Schrems and the Future of US-EU Data Transfers
A Post-Safe Harbor World Isn’t Post-Apocalyptic
Cost: There is no cost to attend this program, however, registration is required.
10:00 a.m. to 11:00 a.m. Eastern (US)
9:00 a.m. to 10:00 a.m. Central (US)
7:00 a.m. to 8:00 a.m. Pacific (US)
3:00 p.m. to 4:00 p.m. London (EU)
2:00 p.m. to 3:00 p.m. Eastern (US)
1:00 p.m. to 2:00 p.m. Central (US)
11:00 a.m. to 12:00 p.m. Pacific (US)
7:00 p.m. to 8:00 p.m. London (EU)
The October 6, 2015 Schrems decision by the Court of Justice of the European Union (“CJEU”) dramatically widens the fault line in global cross-border privacy law. First, it invalidates the fifteen year old EU/U.S. Safe Harbor Framework Agreement for transatlantic transfers of personal data. Second, and more significantly, it rules that all 28 EU local Data Protection Authorities (“DPAs”) share concurrent jurisdiction with the EU Commission regarding the adequacy of data protection safeguards for cross-border transfers. And the October 16 statement of the Article 29 Working Party (consisting of all 28 DPAs) leaves multinationals further adrift of guidance by announcing that remaining EU transfer mechanisms-- Model Contract Clauses and Binding Corporate Rules--may only be available through January 31, 2016.
According to experts, restricting the free flow of personal data in the global marketplace can have a devastating impact on global commerce. And not only business-related transfers are at stake. Given that U.S. discovery rules have often been at odds with EU data protection law, these developments only increase existing uncertainty for companies involved in cross-border litigation and regulatory proceedings.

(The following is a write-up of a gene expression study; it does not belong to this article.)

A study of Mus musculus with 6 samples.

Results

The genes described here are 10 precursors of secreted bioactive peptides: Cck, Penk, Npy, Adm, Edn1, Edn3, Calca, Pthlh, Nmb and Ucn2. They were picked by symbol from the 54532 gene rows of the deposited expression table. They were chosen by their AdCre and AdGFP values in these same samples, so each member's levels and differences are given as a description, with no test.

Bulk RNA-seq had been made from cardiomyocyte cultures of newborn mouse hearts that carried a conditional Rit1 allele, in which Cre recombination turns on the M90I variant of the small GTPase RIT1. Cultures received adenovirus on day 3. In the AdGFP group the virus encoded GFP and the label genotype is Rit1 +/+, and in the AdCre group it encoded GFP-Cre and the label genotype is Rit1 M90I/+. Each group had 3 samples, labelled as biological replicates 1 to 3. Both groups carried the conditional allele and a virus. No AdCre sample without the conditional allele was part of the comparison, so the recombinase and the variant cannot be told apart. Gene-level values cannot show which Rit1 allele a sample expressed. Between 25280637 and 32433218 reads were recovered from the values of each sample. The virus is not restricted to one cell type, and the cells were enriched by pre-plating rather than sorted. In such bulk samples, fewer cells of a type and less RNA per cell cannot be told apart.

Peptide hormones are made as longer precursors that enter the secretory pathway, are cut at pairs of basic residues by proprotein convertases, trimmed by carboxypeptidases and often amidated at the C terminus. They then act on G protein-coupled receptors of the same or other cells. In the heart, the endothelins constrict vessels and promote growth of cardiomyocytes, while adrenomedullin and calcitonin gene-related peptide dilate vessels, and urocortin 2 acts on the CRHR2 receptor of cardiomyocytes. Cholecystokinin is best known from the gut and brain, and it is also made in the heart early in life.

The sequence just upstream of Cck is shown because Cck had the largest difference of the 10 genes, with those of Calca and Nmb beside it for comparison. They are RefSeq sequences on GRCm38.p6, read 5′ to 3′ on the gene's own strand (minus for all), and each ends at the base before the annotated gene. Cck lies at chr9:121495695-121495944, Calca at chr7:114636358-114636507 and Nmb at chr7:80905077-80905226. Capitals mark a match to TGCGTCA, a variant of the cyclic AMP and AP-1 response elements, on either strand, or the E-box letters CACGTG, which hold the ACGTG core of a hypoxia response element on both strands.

In this webinar, Seyfarth attorneys will share practical guidance and insights from the 37th International Data Protection and Privacy Commissioners Conference, as well as from The Sedona Conference® International Working Group Six on Cross-Border Discovery on how the Schrems case and the upcoming General Data Protection Regulation (“GDPR”) will impact business and legal concerns on both sides of the Atlantic.
The Seyfarth panel will specifically address the following topics:
Will there be a “Safe Harbor 2.0” and what might it look like, based on current information?
Post Schrems, what best practice data protection steps and mechanisms should companies implement for business transfers, and how might this process change under the new GDPR?
What practical cross-border eDiscovery strategies and protocols should companies implement to reduce the risk and cost of cross-border eDiscovery transfers in the post-Safe Harbor world?
For the benefit of non-US companies, the webinar will be held live twice: (1) in the European time zone; and (2) in the North American Central time zone. The content will be the same for both audiences.
*CLE Credit for this webinar has been awarded in the following states: CA, IL, NJ and NY. CLE Credit is pending for GA, TX and VA. Please note that in order to receive full credit for attending this webinar, the registrant must be present for the entire session.